The best books on seventeenth-century America

Jenny Hale Pulsipher Author Of Swindler Sachem: The American Indian Who Sold His Birthright, Dropped Out of Harvard, and Conned the King of England
By Jenny Hale Pulsipher

Who am I?

Jenny Hale Pulsipher is a professor of history at Brigham Young University and the author of numerous articles and two award-winning books, Subjects unto the Same King: Indians, English, and the Contest of Authority in Early New England and Swindler Sachem: The American Indian Who Sold His Birthright, Dropped Out of Harvard, and Conned the King of England.


I wrote...

Swindler Sachem: The American Indian Who Sold His Birthright, Dropped Out of Harvard, and Conned the King of England

By Jenny Hale Pulsipher,

Book cover of Swindler Sachem: The American Indian Who Sold His Birthright, Dropped Out of Harvard, and Conned the King of England

What is my book about?

Swindler Sachem tells the story of an ingenious and complicated 17th century Native American man--John Wompas. Wompas's life upends common wisdom about Native Americans in the colonial era. He was a Harvard-educated scholar who became a sailor; he called the Nipmuc village of Hassanamesit his home but spent his adult life living among the English of Boston and London; he cheated his kin by selling their lands, then bequeathed all of Hassanamesit to them in his will; he secured an audience with the king of England, who called him his "loyal subject," and he was denounced by Massachusetts officials, who threatened him with foreign slavery.

In Swindler Sachem, Pulsipher uses the life of John Wompas to examine Indian-English struggles over Native land and sovereignty during an era of political turmoil in the English empire and reveals how one remarkable man navigated those perilous waters for the benefit of himself and his people.

The books I picked & why

Shepherd is readers supported. When you buy through links on our website, we may earn an affiliate commission. This is how we fund this project for readers and authors (learn more).

The Last American Puritan: The Life of Increase Mather

By Michael G. Hall,

Book cover of The Last American Puritan: The Life of Increase Mather

Why this book?

Hall's biography of one of the most influential Puritans in colonial New England offers a rich reading experience. Mather had a finger in everything, and seeing New England through his eyes helps the reader make sense of the political and religious factions, doctrinal struggles, the relationship between lay people and ministers (always less conservative than their followers), and the sweetness and suffering inherent in family life.


American Slavery, American Freedom

By Edmund S. Morgan,

Book cover of American Slavery, American Freedom

Why this book?

This is a classic of American history from one of our greatest historians. Morgan was a master of both the art and the craft of history, and that skill is on full display in this account of the Virginia Colony from its early seventeenth-century founding, through a series of Native American/colonial wars, to the rise and solidification of American chattel slavery. Morgan insightfully probes the question of how a nation founded on liberty could give rise to the extremes of slavery and freedom.


Facing East from Indian Country: A Native History of Early America

By Daniel K. Richter,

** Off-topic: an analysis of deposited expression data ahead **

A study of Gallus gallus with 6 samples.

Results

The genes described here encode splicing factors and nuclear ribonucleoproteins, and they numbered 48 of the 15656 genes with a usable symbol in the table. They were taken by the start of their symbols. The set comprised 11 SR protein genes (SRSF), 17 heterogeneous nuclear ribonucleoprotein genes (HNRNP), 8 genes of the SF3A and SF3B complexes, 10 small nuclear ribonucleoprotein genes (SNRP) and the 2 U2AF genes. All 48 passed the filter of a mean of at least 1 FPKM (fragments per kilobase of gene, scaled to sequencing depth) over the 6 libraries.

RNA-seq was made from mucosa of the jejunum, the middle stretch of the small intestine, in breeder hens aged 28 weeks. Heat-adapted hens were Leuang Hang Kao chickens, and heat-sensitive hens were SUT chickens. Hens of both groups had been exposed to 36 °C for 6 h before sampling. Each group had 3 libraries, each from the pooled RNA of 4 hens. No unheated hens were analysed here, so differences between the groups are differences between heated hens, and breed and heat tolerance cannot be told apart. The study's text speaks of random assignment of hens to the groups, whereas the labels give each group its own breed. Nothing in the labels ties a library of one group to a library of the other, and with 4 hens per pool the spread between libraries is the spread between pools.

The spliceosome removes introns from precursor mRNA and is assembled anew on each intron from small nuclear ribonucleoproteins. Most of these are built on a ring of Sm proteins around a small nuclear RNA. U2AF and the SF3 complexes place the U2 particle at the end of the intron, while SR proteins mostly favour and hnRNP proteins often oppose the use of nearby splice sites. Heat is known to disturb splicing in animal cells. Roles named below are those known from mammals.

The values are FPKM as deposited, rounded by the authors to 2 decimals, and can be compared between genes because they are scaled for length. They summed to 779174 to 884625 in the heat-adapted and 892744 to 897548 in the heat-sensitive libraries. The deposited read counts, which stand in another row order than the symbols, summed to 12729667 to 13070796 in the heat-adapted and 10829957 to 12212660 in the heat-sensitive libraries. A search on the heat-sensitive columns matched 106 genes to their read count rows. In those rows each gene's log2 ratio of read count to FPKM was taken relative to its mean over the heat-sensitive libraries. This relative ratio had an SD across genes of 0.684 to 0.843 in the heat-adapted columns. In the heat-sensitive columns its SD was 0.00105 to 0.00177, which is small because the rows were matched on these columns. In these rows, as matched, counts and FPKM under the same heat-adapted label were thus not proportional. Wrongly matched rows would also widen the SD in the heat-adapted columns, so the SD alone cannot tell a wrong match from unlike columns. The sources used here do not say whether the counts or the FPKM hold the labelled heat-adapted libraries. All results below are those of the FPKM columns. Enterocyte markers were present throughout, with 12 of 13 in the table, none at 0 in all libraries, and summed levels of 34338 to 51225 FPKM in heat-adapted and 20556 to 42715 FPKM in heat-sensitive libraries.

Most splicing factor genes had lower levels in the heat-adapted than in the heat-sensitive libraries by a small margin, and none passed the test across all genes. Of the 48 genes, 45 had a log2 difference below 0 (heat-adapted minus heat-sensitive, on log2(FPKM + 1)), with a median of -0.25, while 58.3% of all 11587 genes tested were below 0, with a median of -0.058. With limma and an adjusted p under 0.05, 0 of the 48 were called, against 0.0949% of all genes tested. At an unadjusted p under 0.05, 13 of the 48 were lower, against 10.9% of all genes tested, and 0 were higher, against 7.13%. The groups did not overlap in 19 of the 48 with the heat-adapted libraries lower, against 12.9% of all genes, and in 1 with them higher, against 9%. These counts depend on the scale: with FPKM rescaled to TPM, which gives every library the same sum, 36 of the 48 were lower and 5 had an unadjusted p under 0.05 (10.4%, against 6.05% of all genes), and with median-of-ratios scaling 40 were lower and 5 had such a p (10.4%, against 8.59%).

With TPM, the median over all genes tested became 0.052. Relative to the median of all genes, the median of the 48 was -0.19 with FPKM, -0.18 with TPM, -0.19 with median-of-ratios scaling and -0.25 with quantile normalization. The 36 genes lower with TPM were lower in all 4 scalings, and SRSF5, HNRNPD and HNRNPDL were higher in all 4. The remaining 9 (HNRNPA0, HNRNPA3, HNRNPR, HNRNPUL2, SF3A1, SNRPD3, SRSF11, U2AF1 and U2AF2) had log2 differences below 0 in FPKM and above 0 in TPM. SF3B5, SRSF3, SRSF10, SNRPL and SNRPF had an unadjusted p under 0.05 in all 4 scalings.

Book cover of Facing East from Indian Country: A Native History of Early America

Why this book?

In Facing East, Richter uses both historical research and imagination to shift the perspective on early America from the west-facing European view to the east-facing Native American one. The result is a deeply researched, well written, and surprisingly moving book exploring a series of Native lives (Pocahontas, King Philip, Kateri Tekakwitha), events (Christian Indian missions, King Philip's War, the French and Indian War), and subjects (Native American trade, religion, the expansion of the English Empire).


Prospero's America: John Winthrop, Jr., Alchemy, and the Creation of New England Culture, 1606-1676

By Walter W. Woodward,

Book cover of Prospero's America: John Winthrop, Jr., Alchemy, and the Creation of New England Culture, 1606-1676

Why this book?

Woodward's biographical approach, and his good fortune in finding a subject who left so much material to peruse, allows readers to come to know early New England in rich detail. Winthrop was a man of wide interests, including alchemy, religion, and medicine, and he used his knowledge to contribute to the physical well being of his neighbors (Native and colonist alike), to steer the Connecticut Colony through political challenges, and to participate in trans-Atlantic scientific exploration. A fascinating read.


Good Wives: Image and Reality in the Lives of Women in Northern New England, 1650-1750

By Laurel Thatcher Ulrich,

Book cover of Good Wives: Image and Reality in the Lives of Women in Northern New England, 1650-1750

Why this book?

Ulrich, winner of the Pulitzer Prize for A Midwife's Tale, first wrote this ground-breaking study of women in early New England. With her characteristically elegant prose and inspired organization, she details the varied roles women played in family, community, and religious life. An illuminating work, and a page-turner.


5 book lists we think you will like!

Interested in Colonial America, New England, and England?

5,309 authors have recommended their favorite books and what they love about them. Browse their picks for the best books about Colonial America, New England, and England.

Colonial America Explore 34 books about Colonial America
New England Explore 48 books about New England
England Explore 647 books about England

And, 3 books we think you will enjoy!

We think you will like Brethren by Nature, The Old American, and Witchcraft in Old and New England if you like this list.